Keir Starmer told to get a grip on Labour MPs amid fears of growing antisemitism
Rebecca Long-Bailey says 'jury's out' on Keir Starmer's future
The statement emerged after protests against Israel were linked to a spate of antisemitism in London and around the country with Jewish groups increasing security.
Last week four men were arrested in connection with a video which appeared to show antisemitic abuse being shouted from a car in north London.
Along with Mr Corbyn current senior members of the Labour Parliamentary Party have signed the statement including John McDonnell, Richard Burgon, Diane Abbott and Ian Lavery.
Another signatory is Baroness Chakrabati who was criticised for producing a report on antisemitism in Labour during Mr Corbyn’s leadership which cleared the party. Shortly afterwards Mr Corbyn nominated her for a peerage and put her in his shadow cabinet.
The statement has been condemned by antisemitism campaign groups.
Fiona Sharpe, spokeswoman for Labour Against Antisemitism said: “This ill-considered, one sided Labour Party conference motion has the potential to encourage further hostility and hatred towards Britain’s proud Jewish community.
“At a time when antisemitism in the UK has exploded to a point where gangs are driving round Jewish areas threatening to rape Jewish women, it is irresponsible for the Labour Party to allow an inflammatory motion such as this to be debated on its conference floor.
“We urge Keir Starmer to refocus on tackling the antisemitism in his party, assert his leadership and get a grip on this whole situation. He needs to stop being a passive observer and confront those elements in his party whose only objectives are hatred and division.”
Former Labour MP Ian Austin, who quit the party because of antisemitism and is now chairman of the cross-party campaign group against extremism, said: “While a ceasefire has been reached in Israel and Gaza, the hard left’s war of words against Israel continues in Britain.
“These people have become obsessed with the world’s only Jewish state and the Middle East’s only democracy and hold Israel to standards they do not apply to anywhere else while giving a free pass to Hamas, a terrorist organisation that targets civilians. This has got to stop.”
Conservative West Bromwich East MP Nicola Richards added: “There have been days of appalling threats and attacks on British Jews, a deluge of disgusting antisemitic abuse online and the bullying of Jewish schoolchildren.
“At the same time we’ve seen too many Labour MPs tweeting out attacks on Israel, while failing to condemn the bombardment of Hamas rockets into Israeli cities and at the very point that there is a ceasefire a motion now surfaces which shows Labour MPs care more about what’s happening in Palestine than Preston.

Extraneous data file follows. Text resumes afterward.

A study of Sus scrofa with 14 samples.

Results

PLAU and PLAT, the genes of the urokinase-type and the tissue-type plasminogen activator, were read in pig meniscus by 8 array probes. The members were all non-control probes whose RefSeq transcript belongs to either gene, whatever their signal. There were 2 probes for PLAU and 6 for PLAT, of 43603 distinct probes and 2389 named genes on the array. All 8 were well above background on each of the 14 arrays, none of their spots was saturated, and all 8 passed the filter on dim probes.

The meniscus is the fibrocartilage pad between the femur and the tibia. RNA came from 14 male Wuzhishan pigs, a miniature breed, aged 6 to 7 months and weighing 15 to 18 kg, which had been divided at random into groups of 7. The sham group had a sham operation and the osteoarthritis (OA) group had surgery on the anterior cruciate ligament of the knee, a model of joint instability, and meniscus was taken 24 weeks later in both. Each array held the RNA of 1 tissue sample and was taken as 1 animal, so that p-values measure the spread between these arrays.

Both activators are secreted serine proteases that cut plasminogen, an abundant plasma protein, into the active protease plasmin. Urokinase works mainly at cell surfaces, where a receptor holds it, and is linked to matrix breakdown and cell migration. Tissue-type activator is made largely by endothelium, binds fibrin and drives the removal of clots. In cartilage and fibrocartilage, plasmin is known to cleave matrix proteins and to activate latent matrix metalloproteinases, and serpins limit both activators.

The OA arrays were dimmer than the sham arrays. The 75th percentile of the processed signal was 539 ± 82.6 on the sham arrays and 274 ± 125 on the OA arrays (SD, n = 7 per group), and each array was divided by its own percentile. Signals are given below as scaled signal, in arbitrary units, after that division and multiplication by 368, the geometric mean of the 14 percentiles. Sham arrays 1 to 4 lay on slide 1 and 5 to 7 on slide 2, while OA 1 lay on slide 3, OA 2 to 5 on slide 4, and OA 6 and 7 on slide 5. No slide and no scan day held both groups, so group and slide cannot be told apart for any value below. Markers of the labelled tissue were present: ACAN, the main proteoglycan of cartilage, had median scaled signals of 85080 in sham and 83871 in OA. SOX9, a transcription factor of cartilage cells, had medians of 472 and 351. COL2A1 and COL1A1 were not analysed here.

“No wonder Labour has lost touch with the voters in its former heartlands.”Meanwhile, the UK Government is under mounting pressure to boycott 20th anniversary commemorations of a United Nations anti-racism conference which a Foreign Office minister admits featured “anti-Semitic actions and speeches”.
Israel and the United States pulled out of the 2001 World Conference against Racism in Durban, South Africa, with then-Israeli foreign minister Shimon Peres denouncing an “unbelievable attempt to smear Israel.”
The conference was marred by chaotic scenes and attempts to link Zionism with racism fuelled controversy.
David Cameron withdrew the UK from events to mark the 10th anniversary of the Durban event, saying it “saw open displays of unpleasant and deplorable anti-Semitism”.
British supporters of Israel now want the UK to follow the lead of the United States, Australia and Canada and rule out participating in 20th anniversary events. A gathering of world leaders is planned at the UN headquarters in New York this September.
Stephen Crabb, the chairman of Conservative Friends of Israel, said: “It is frankly inexplicable that the UK has yet to join its closest allies – the US, Canada, and Australia – in boycotting the latest instalment of the racist Durban Conference. Consecutive British Governments have rightly taken a stand against the infamous gatherings.
“The UK’s current hesitation is all the more concerning following the vile antisemitic incidents we saw across the UK [this month] Zero tolerance to racism should mean zero tolerance.”
Nigel Adams, a minister at the Foreign, Commonwealth and Development Office, said: “The United Kingdom is committed to combatting all forms of racism, including anti-Semitism, both at home and abroad… Some of the anti-Semitic actions and speeches in and around the Durban conference and its various follow-up events gave rise to serious concerns.
“We will consider UK attendance in the light of developments between now and the commemoration event, including the likelihood of any recurrence.”